Civiltech’s Director of Landscape Architecture, Phil Hutchinson, PLA, LEED AP, traveled to Denver in January to volunteer with the Council of Landscape Architecture Registration Board (CLARB). Phil and 15 other Landscape Architects from across the US and Canada convened to assist CLARB in the roll out of an updated Landscape Architecture Review Examination (LARE). The LARE is the licensing exam used for Professional Landscape Architect (PLA) registration.

CLARB had recently updated the exam structure and given the new test to candidates in December. Since Phil had previously served a 6-year term on the exam writing committee, he was asked to join a “cut score committee” to review the latest version of the exam and establish a new minimum passing score.

Phil and the committee worked closely with a professional testing consultant and a team of psychometricians to develop the scoring parameters. The committee was tasked with reviewing several sections of the exam. They reviewed each individual question, assigned a rating representing the difficulty of the questions, and recommending what the minimum overall score should be for a “minimally competent Landscape Architect” to pass that section. The committee then took the exam themselves, and their test results and assumptions were compared to the actual exam results of the candidates who took the test in December. This comparative data was then used to establish the passing score.

Phil shared that actually taking the exam was more intense than the committee had anticipated, despite being professional Landscape Architects and experts in the field. He stated that the LARE is notoriously difficult and passing rates are typically around 50%. A practicing Landscape Architect’s daily practice can vary depending on their area of focus and their firm’s specialization, making it difficult to have the necessary expertise in all of the exam’s categories, which include inventory and analysis, construction docs, grading and drainage, and planning and design. However, Phil stated that a positive take away in sitting for the exam is allowing the committee to see the questions through the lens (and nerves) of a licensing candidate.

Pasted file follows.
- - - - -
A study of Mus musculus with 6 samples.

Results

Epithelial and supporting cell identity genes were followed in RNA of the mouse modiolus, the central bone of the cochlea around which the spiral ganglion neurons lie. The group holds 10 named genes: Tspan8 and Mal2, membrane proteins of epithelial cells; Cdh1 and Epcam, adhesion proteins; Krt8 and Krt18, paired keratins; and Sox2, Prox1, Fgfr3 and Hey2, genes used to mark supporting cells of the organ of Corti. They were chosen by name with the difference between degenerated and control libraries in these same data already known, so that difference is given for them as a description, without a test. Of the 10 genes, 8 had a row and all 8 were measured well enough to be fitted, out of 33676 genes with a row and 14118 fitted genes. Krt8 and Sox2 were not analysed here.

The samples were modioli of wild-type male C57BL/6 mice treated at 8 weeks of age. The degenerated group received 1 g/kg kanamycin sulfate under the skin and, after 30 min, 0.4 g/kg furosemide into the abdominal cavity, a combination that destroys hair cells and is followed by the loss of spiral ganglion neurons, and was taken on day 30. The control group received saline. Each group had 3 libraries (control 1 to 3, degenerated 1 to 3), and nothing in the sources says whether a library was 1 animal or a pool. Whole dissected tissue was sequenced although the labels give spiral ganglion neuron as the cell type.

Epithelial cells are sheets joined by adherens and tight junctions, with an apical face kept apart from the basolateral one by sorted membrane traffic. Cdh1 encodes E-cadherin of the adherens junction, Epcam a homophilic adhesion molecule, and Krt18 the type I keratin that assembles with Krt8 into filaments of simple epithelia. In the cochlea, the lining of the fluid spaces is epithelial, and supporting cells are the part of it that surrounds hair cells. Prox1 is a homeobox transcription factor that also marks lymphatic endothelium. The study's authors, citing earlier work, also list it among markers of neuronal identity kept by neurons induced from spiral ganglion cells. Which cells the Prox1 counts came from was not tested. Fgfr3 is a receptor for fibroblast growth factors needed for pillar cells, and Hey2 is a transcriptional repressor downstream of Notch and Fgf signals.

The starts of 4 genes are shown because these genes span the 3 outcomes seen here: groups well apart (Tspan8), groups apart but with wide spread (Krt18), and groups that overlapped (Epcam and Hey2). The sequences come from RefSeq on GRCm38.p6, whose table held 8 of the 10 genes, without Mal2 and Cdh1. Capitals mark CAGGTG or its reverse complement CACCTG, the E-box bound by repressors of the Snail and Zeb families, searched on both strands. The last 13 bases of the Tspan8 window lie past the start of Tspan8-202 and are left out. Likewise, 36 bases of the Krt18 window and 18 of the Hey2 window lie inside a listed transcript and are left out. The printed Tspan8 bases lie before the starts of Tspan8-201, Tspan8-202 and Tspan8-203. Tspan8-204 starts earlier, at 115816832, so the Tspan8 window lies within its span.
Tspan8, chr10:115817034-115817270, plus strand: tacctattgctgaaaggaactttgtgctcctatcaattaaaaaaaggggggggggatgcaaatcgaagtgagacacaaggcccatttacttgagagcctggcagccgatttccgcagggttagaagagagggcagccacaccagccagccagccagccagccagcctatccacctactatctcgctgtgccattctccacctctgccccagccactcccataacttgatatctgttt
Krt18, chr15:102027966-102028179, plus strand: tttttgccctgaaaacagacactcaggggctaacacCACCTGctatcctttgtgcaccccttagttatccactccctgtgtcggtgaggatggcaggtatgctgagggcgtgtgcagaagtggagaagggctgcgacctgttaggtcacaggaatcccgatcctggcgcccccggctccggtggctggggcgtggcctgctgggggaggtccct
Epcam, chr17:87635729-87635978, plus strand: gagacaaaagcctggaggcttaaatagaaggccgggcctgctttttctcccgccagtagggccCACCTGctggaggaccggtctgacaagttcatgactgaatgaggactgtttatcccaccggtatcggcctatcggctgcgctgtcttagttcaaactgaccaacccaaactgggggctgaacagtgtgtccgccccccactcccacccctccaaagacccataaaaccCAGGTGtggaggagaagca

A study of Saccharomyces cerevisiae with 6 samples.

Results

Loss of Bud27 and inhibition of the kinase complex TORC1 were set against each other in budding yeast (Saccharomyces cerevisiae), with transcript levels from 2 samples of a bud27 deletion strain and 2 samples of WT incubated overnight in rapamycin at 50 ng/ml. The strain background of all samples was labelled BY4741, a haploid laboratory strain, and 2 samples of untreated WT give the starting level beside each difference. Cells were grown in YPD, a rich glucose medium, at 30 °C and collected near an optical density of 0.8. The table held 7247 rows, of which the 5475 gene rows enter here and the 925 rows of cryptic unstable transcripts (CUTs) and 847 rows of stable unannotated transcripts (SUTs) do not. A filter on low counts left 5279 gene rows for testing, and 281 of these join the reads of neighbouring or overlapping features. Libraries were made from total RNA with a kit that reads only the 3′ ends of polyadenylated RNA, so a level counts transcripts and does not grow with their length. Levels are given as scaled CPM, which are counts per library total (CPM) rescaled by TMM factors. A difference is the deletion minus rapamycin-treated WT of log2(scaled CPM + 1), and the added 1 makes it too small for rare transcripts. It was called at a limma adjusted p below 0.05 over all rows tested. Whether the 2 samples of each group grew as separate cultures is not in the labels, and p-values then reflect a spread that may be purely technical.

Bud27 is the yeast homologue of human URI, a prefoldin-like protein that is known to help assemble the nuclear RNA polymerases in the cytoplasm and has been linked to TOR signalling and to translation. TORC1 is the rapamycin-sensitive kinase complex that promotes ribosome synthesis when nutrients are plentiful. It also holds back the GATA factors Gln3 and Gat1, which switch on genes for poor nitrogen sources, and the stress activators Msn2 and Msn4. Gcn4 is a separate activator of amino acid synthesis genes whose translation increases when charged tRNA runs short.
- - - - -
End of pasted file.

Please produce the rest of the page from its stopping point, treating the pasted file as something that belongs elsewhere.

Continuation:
Also, the method of testing has changed dramatically since Phil sat for his licensing exam. At that time, the exam still involved hand drawing and design vignettes. Now the test is administered by computer. Phil stated that the current test includes new and contemporary content such as questions on low impact development and green infrastructure. It still involves design vignettes, but now utilizes software with drag and drop features allowing the tester to place elements in a graphic scenario to solve a design challenge.

Phil shared that having been a practicing professional for the last 16 years and away from the academic environment, the experience of sitting for an exam in a timed environment over 2 full days was surprisingly stressful. Until their exam results were provided on the final day of the committee’s involvement, the group shared a few evenings of jovial dinnertime speculation about their test results. Phil happily learned that he not only passed all of the sections, but had also obtained the top score in two of them.

Phil remains involved in the CLARB as a way to stay connected to the profession. Volunteer opportunities with the organization provide ways to connect with other Landscape Architects, practices, and trends that are unique, with a different focus than other professional seminars and industry events.

Civiltech is grateful for Phil’s involvement in CLARB, providing meaningful service and leadership in support of new Landscape Architects entering the field. (Civiltech also says, “Congratulations!” on passing the notoriously difficult exam a second time!)